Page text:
In March, Boca Raton, Fla.-based Centerline Homes celebrated its 15-year anniversary, and, according to founder and president Craig Perry, the privately held company had its best year yet in 2007 with $230 million in revenue. Unlike most, Perry shunned the go-and-grow mentality of recent years. In March, he spoke with senior editor Lisa Marquis Jackson and news editor Sarah Yaussi about today's opportunities and challenges.

BB: Centerline has been in business for 15 years. What did you do before that?

CP: I was the controller for another home builder during the formative years when the company was really growing. Today it's a very substantial company, but when I started, there were about 12 people there. When that's the case, you are doing a little bit of everything. I helped set up construction and purchasing departments, and I got involved with the banks and investors. On the side, I had started a cellular telephone company, and eventually, I had to leave home building and go run that because it got big quickly. I ended up selling it off to a public phone company. Then I had a little bit of capital to get back into this business.

BB: What's your strategy?

CP: The only way you can really grow the business is to go to a market, become the dominant player, and then you go to the next. You have a good business practice. I don't know if it's scalable, but certainly no one has done it well. We have been the same size, in the 500-plus range, for the last five years. We did 809 once, and that was ridiculous, but that was 2005. We did 507 [in '07] and 535 the year before. We'll do 400 this year because we just don't have any communities. We are really running out of land.

BB: It's a good time to be in that position.

CP: It's a great time–the whole thing works really well. You can restructure deals, do takedowns again, and set things up so it's good for both parties. You don't have to squeeze a guy for every nickel. Business is supposed to be about win-win relationships.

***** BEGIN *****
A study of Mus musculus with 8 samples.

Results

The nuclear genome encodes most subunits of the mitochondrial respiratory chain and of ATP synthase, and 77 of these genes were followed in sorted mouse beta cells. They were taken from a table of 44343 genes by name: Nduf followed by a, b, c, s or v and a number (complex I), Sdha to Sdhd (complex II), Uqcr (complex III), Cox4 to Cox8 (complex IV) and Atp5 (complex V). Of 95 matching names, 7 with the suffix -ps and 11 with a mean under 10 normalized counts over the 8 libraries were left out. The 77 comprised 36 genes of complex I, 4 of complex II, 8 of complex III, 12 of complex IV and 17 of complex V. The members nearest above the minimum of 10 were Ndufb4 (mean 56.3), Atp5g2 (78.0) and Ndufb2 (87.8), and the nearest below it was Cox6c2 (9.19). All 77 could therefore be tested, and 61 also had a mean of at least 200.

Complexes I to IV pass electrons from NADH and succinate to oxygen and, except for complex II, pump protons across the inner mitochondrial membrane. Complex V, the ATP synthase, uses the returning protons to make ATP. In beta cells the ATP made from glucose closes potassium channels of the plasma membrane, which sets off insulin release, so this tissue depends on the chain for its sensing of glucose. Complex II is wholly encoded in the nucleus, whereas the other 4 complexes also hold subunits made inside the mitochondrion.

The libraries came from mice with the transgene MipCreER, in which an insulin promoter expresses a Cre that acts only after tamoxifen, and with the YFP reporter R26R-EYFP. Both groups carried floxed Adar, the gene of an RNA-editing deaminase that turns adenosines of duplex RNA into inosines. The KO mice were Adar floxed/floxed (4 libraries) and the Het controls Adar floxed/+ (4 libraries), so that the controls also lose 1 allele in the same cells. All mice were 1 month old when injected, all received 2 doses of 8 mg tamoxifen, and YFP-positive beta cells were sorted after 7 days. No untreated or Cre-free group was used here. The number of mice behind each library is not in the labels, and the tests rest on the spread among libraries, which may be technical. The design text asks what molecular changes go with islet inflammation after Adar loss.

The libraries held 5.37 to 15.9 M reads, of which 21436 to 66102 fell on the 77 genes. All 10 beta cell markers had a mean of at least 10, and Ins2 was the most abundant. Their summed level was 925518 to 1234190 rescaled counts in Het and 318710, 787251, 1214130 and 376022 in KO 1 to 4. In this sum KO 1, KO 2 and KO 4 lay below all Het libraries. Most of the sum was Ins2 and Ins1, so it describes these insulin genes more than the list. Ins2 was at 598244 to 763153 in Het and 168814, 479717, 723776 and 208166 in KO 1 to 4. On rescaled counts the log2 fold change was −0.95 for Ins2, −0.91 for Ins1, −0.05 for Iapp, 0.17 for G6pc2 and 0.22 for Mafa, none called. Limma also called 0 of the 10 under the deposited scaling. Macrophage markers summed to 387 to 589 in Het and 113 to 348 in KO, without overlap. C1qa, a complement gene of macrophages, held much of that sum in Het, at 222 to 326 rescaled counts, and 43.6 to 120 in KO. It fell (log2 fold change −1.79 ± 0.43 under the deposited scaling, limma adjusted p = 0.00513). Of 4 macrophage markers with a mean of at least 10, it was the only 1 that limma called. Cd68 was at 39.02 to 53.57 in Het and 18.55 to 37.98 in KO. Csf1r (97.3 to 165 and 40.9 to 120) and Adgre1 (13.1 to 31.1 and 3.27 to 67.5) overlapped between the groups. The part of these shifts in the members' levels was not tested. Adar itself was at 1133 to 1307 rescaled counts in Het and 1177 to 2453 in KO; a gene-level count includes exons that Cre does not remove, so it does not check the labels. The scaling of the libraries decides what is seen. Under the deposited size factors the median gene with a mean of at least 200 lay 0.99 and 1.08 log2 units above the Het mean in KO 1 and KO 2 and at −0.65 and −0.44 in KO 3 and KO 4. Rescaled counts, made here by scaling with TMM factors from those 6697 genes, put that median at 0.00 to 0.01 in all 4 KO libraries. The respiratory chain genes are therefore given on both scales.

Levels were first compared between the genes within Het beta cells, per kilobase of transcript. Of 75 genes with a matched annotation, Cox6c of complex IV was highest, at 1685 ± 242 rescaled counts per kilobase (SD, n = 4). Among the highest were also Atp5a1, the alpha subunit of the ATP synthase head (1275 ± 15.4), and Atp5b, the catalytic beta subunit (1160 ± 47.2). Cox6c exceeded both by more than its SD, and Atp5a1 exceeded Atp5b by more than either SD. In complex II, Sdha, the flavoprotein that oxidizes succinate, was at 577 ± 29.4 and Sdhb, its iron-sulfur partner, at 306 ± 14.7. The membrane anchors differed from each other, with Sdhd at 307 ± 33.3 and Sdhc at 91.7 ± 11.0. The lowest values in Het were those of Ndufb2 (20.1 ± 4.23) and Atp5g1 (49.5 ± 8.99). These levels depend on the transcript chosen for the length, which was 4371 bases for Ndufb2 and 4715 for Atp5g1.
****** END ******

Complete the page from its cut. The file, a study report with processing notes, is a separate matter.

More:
BB: So are you content to stay at 500 homes a year forever?

CP: Yes, we are at that threshold where we aren't small and we aren't big. But our balance sheet is clean, banks like us, and we talk the right language. We haven't had any difficulties. We are on top of the marketing aspect of it. We constantly shop the competition, we know exactly what is going on, and we buy our products right so we can make a profit.

BB: How did you manage through the tough times when the mortgage market fell apart?

CP: I took my CFO and said, "You are now the head of the mortgage group. You need to hold the banks' and customers' hands. We need to figure out where the products are." We had a tough time, but we got through it.

BB: If you aren't under oppressive financial pressures, what is your biggest challenge?

CP: How do you motivate and keep retooling so you can move through your product? That's probably our biggest issue. The way we look at it is that you can buy your way into it. You can buy your way into sales by buying land at a better price and being able to offer a better price. You market to the guy next door, because usually it's a public company and they're going to undercut. So you market to them and know they are losing money on every house they are selling, and we're making money.

BB: How do you decompress outside of the office?

CP: I have three kids that are 14, 12, and 10, so my life revolves around what they do. Literally, five days a week I am either at the soccer field or some event. It's family time and work. But we do like to travel a lot. We ski a couple of times every year.

BB: So are you sticking with skis, or do you snowboard?

CP: The kids snowboard. I skateboarded as a kid so I get the concept. But you fall down a lot more, and it hurts a lot more, so I prefer the skis. At this point in my life, I'm just trying not to hurt myself.